1 The Master
Paul Thomas Anderson, USA
The sheer, radioactive strangeness of the film is what exerts the initial grip – then the outstanding performance of Joaquin Phoenix as Freddie Quell. Perhaps it should have been called ‘The Disciple’.
Miguel Gomes, Portugal/Germany/France
In turning a melancholy drama about three lonely women in modern Lisbon into an African colonial idyll of adulterous love, Portuguese director Miguel Gomes pulled off the year’s greatest conjuring trick.
Michael Haneke, France/Germany/Austria
A devastating experience that joins Michael Haneke’s icy, immaculate style to an intrinsically emotional subject: what happens to a harmonious marriage when the wife suffers a series of debilitating strokes.
4 Holy Motors
Leos Carax, France/Germany
Born from the womb of cinephilic history, raised into a many-headed beast, dangerous and passionate, it shows how cinema can recall its past and augur its future.
5= Beasts of the Southern Wild
Benh Zeitlin, USA
I’ll never forget Quvenzhané Wallis cookin’ up a storm with a blowtorch, or the miracles unfolding in the sweaty Cajun bayou. First features don’t get much better.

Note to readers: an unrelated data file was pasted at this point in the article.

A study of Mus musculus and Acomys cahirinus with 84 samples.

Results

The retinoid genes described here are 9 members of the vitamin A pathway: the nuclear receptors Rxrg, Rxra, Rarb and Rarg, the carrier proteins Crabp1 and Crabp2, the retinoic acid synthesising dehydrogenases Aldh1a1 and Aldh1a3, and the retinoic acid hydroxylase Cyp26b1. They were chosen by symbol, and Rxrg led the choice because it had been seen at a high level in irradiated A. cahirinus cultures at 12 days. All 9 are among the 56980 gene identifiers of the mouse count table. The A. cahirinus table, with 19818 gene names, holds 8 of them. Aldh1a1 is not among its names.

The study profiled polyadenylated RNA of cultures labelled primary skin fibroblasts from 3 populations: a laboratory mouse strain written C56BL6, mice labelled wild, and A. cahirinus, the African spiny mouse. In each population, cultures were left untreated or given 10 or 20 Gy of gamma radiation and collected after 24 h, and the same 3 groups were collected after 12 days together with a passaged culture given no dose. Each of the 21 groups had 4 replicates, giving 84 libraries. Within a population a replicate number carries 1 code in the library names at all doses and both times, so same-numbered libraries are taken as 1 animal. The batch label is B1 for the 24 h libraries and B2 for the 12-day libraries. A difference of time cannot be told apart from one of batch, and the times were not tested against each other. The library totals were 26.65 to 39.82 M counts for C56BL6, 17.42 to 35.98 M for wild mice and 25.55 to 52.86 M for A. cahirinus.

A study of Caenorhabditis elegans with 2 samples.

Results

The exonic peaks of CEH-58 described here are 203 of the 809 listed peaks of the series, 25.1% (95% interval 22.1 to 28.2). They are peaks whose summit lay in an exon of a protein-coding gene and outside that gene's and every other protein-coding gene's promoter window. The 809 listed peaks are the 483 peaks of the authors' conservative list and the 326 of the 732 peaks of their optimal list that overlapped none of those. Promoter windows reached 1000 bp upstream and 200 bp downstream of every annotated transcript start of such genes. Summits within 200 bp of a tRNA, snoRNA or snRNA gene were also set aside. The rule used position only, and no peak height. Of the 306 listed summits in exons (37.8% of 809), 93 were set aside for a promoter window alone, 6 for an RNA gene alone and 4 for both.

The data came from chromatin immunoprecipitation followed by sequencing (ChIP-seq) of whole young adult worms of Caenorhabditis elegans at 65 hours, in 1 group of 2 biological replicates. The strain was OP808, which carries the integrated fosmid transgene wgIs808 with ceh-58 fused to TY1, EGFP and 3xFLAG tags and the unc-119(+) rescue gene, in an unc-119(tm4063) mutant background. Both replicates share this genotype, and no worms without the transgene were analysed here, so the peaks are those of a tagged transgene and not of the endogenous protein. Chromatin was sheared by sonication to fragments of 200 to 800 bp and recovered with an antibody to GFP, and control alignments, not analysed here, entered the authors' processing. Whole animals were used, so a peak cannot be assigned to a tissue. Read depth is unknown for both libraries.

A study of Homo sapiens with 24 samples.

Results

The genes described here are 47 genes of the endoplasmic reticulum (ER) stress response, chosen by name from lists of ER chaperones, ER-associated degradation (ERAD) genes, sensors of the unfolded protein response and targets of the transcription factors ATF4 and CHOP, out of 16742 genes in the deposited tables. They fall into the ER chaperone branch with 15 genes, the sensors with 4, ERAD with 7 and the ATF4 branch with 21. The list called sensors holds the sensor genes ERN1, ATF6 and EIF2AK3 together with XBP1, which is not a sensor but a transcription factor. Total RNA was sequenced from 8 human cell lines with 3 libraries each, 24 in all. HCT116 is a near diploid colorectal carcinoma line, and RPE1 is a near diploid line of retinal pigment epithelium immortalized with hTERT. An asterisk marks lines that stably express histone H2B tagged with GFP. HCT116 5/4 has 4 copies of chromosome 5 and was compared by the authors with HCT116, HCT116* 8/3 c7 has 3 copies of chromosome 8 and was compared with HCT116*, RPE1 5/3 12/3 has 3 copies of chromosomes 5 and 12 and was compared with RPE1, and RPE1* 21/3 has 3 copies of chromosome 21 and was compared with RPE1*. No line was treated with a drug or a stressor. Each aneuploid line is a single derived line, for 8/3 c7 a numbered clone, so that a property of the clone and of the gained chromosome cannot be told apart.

→ Read Isabel Stevens’ interview with Benh Zeitlin online
→ Read Nick Pinkerton’s review in our November 2012 issue [Subscribers’ link]
5= Berberian Sound Studio
Peter Strickland, UK/Germany
Sound is pivotal in Peter Strickland’s blackly comic, stylish and off-kilter riff on 1970s Italian horror, which thumbs its nose at English pastoral roots – with a very English irreverence.
7 Moonrise Kingdom
Wes Anderson, USA
Wes Anderson’s film struck a chord in its exuberant use of Benjamin Britten’s music, but I also loved it for its great humour and surprising (for this director) humanity.
8= Beyond the Hills
Cristian Mungiu, Romania/France/Belgium
The brilliant final scene cemented my faith in Cristian Mungiu’s sensitive and searing realisation of this story – based on real events – of a disruptive intruder persecuted by a religious community.
David Cronenberg, Canada/France/Portugal/Italy
David Cronenberg’s sleek adaptation of Don DeLillo’s urban road movie, as elegant, cool and rebarbative as the stretch limo Robert Pattinson’s antihero travels in.
8= Once upon a Time in Anatolia
Nuri Bilge Ceylan, Turkey/Bosnia & Herzegovina
Like a nod to Yilmaz Güney’s 1982 classic Yol, Nuri Bilge Ceylan’s film takes on the multilayers of Turkish life in an epic road movie. Perfect cinema, for me.
8= This Is Not a Film
A sketch for an imagined film, an essay on both the nature of reality and the ever-expanding properties of lo-fi digital cinema, this is a funny and moving portrait of the artist as prisoner of conscience.